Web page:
In the latest issue of Entertainment Weekly, there is an article by one of my favorite movie reviewers called “Why I Love Chick Flicks and Why I Hate Them.”
In the article, Lisa Schwarzbaum criticizes films like Sex and the City, the movie, and The Devil Wears Prada. Apparently, these films celebrate high fashion more than finding true love, and Schwarzbaum thinks it’s all fluff. Supposedly, women aren’t that into fashion. I totally beg to differ.
While I almost always agree with Schwarzbaum’s critique of films, I have to say that I prefer my chick flicks to be full of glamour and beautiful locales, and not so man-crazy, because otherwise it looks like we put men over everything else. There are women who put men first and foremost in everything, but I’d like to think I’m not one of them.
I like fashion and I love shopping. As a matter of fact, before I hit my credit limit, I was a shopaholic. I wasn’t a label lover like Rebecca Bloomwood, the title character in Confessions of a Shopaholic, played by Isla Fisher, but I like my vibrant silks.
Now maybe Schwarz-baum isn’t into clothes all that much, but I sure am. I always find myself focusing on what a woman’s wearing, before I focus on a scene. Call me crazy, but I completely identified with Rebecca when I read the book of the same name written by Sophie Kinsella.
Rebecca is like me and quite a few other women out there who just love pretty clothes. I identified with Rebecca so much that I’ve even had
Rebecca moments, such as having my department store card declined, and having to put back that lovely chocolate brown Kathy Van Zeeland bag that would have gone with everything so nicely; and it was half off.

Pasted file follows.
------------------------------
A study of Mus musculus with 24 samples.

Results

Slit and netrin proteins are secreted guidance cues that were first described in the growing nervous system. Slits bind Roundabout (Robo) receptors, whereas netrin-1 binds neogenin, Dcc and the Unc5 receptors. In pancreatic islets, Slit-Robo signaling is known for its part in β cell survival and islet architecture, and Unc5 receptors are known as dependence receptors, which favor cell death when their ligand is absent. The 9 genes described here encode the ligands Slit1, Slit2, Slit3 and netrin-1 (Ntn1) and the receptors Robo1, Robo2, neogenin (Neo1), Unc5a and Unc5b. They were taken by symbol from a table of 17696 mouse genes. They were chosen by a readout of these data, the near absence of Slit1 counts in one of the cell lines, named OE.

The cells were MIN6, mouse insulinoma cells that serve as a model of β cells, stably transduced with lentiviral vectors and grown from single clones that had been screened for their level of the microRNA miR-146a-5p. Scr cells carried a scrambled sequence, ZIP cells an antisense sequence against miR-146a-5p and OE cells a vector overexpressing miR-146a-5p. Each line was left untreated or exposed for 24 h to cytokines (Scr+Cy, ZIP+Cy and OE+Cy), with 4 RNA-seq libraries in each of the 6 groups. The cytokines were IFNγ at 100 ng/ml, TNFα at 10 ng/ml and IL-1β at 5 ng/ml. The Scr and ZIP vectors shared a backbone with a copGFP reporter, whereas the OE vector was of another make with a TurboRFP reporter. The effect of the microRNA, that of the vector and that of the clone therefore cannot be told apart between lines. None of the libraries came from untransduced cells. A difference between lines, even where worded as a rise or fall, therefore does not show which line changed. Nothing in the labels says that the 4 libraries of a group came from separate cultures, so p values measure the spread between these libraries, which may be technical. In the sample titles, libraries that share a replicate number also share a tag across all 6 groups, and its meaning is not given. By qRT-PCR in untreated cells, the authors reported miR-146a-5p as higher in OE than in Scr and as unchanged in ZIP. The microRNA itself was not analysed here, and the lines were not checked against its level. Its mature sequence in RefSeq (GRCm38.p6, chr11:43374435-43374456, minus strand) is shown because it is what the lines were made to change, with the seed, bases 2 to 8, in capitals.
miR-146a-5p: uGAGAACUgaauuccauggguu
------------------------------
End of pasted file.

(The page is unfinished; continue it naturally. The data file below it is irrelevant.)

The storyline for Confessions is a combination of two of Kinsella’s books “Confessions of a Shopaholic” and “Shopaholic Takes Manhattan.”
Bloomwood works for a magazine that is about to be abolished, and is trying to get her dream job of working at Voguesque magazine Alette. She loses the job to a leggy blonde, but doesn’t lose hope.
In the meantime, she settles for a job at Successful Savings Magazine, which is ironic because she never saves anything, and spends all of her money on designer clothes and accessories. She writes one really good article from the heart, and it turns into a phenomenon that lands her on TV. But it all comes tumbling down when the creditor who is stalking her outs her on live TV.
Fisher as Rebecca is fun and a breath of fresh air. She’s not annoyingly cute. She’s just creative and stylish. She’s a bit of a mess, but in a good way. Most women are a mess. We don’t always have it together, like we try to come off. I like that Rebecca is so flawed that she’s perfect.
At first, I wasn’t sure I liked what screenwriters Tracey Jackson, Tim Firth, and Kayla Alpert did with the script. But factoring in the fact that it’s based on a combination of two books, I think the plot goes pretty well. What I don’t like is how the script has a “now-that-she’s-found-her-man, her-problems-are-over” ending.
All of a sudden, now that Rebecca has a man to love her, her shopping addiction has been curtailed. Having a man doesn’t make everything better. This ending also implies that women who are shopaholics are like this because they don’t have a man in their lives to love them. This is fluff. If you disagree, just watch an episode of Oprah or Dr. Phil concerning married couples on the brink of divorce because the wives have spending problems.
I absolutely loved four things about this film: Patricia Field’s clothing handiwork in every scene; Rebecca’s dad telling her, “If the American economy is billions in debt and still standing, so can you;” Rebecca auctioning off her designer duds to pay off her designer debt; and Rebecca going to Shopaholics Anonymous to help her with her habit. These redeeming scenarios have partially saved this movie from its bad ending.
All in all, Confessions of a Shopaholic was a great way for me to spend my weekend, alone. The romance was there, but wasn’t in my face.
The fabulous clothes were there, and that was just right for me.